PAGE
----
I prefer using a macro, as it tells not only the compiler my intention, but other maintainers of the code, and it's searchable later on.
The method of commenting out the argument name can easily be missed by people unfamiliar with the code (or me 6 months later).
However, it's a style-issue, neither method is "better" or more optimal with regards to code generated, performance or robustness. To me, the deciding factor is informing others of my intent through a standardized system. Omitting the parameter name and putting in a comment would work equally well:
void CFooBar::OnLvnItemchanged(NMHDR *pNMHDR, LRESULT *pResult)
void CFooBar::OnLvnItemchanged(NMHDR* /* pNMHDR */, LRESULT *pResult)
// Not using: pNMHDR
I would say that the worst solution is suppressing the warning message; that that will affect your entire file or project, and you'll lose the knowledge that maybe you've missed something. At least by adding the macro, or commenting out the argument name, you've told others that you've made a conscious decision to not use this argument and that it's not a mistake.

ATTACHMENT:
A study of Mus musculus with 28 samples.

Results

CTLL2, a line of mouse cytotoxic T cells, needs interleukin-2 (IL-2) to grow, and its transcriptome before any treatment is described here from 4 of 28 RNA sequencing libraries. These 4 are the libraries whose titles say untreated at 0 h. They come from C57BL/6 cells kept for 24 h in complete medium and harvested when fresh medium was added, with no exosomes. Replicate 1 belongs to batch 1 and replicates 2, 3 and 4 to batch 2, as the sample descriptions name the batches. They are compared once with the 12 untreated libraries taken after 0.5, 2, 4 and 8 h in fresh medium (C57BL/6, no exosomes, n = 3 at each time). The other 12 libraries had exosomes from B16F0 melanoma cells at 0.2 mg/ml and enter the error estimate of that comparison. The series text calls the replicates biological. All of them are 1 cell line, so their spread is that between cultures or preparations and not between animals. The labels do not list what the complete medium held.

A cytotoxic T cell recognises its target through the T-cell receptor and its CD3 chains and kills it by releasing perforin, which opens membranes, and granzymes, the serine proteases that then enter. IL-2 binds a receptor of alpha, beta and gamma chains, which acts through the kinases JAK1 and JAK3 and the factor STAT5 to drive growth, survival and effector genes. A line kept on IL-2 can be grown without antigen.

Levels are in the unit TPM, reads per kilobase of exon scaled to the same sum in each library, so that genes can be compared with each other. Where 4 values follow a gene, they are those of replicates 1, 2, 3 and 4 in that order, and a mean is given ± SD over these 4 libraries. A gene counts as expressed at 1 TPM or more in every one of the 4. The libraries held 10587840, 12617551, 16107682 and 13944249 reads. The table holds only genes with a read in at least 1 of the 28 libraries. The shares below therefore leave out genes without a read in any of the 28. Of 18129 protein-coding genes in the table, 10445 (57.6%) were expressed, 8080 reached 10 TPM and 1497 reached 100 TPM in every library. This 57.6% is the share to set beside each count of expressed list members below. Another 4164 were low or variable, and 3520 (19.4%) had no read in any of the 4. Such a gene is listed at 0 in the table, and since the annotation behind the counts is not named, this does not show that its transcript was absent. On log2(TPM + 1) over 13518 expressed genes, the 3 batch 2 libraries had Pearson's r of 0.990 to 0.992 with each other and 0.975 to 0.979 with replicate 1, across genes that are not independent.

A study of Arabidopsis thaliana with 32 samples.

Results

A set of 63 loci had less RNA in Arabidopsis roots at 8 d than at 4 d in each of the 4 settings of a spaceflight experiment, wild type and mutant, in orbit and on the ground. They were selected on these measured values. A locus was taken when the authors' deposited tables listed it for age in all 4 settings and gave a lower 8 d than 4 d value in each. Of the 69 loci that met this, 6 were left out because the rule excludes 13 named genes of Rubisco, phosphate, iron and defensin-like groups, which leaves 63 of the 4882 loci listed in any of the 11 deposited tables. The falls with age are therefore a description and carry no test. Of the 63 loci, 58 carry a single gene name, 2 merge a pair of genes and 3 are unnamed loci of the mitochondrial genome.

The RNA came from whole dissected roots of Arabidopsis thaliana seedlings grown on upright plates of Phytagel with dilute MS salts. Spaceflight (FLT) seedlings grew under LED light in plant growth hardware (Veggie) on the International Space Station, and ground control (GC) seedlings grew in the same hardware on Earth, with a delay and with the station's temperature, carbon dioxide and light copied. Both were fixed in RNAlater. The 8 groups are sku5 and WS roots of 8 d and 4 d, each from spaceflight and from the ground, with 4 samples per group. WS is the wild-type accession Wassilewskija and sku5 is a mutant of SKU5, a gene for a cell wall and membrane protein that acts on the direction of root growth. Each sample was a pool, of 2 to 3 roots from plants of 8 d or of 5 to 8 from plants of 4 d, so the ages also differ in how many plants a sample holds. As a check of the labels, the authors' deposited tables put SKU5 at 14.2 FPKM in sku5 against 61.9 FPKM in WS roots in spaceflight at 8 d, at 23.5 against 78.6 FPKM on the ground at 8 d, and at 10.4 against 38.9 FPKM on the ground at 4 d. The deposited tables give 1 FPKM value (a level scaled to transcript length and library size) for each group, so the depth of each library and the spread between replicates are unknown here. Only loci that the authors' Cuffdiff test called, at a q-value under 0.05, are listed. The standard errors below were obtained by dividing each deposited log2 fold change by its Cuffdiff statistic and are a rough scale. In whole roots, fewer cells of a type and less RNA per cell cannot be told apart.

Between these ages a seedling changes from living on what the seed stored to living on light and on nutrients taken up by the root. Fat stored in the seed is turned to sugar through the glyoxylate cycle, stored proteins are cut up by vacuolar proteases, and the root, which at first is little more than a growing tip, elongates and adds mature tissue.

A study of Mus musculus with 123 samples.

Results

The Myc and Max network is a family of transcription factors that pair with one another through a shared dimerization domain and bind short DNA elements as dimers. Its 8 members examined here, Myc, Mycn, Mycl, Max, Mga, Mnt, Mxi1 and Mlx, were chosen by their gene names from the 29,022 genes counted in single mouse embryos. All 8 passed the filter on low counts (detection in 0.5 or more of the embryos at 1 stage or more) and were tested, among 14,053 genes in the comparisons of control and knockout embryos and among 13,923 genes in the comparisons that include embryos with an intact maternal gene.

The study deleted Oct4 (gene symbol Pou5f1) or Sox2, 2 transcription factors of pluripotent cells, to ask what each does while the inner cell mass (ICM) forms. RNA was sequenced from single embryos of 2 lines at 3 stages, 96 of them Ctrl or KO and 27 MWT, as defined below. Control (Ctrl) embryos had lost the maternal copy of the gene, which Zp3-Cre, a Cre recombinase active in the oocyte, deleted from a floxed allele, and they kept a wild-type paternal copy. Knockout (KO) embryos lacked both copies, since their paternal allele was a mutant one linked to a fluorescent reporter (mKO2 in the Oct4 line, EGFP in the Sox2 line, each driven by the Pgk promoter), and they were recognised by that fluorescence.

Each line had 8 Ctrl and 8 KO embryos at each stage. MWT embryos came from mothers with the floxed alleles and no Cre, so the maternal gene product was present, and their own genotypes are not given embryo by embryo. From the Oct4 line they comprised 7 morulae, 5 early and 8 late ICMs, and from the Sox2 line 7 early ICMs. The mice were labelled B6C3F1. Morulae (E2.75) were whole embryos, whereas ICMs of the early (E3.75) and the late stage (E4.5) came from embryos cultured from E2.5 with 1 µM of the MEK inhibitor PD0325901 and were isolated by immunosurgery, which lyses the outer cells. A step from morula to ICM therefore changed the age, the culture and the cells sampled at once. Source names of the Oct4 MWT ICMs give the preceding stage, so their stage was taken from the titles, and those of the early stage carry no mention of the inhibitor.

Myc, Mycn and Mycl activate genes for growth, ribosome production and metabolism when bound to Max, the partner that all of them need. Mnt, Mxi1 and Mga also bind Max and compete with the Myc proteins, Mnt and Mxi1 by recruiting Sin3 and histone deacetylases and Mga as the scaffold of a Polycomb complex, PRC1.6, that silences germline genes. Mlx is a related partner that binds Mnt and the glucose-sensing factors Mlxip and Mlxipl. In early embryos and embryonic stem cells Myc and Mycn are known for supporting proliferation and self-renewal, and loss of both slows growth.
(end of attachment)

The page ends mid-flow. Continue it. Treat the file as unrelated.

The Windows SDK in WinNT.h defines
UNREFERENCED_PARAMETER() along with
DBG_UNREFERENCED_LOCAL_VARIABLE(). They all evaluate to the same thing, but the difference is that DBG_UNREFERENCED_PARAMETER() is used when you are starting out and expect to use the parameter when the code is more complete. When you are sure you'll never use the parameter, use the UNREFERENCED_PARAMETER() version.
The Microsoft Foundation Classes (MFC) have a similar convention, with the shorter
Pick a style and stick with it. That way later on you can search for "
DBG_UNREFERENCED_PARAMETER" in your code and find any instances of where you expected to use a argument, but didn't. By adopting a consistent style, and habitually using it, you'll make it easier for other and yourself later on.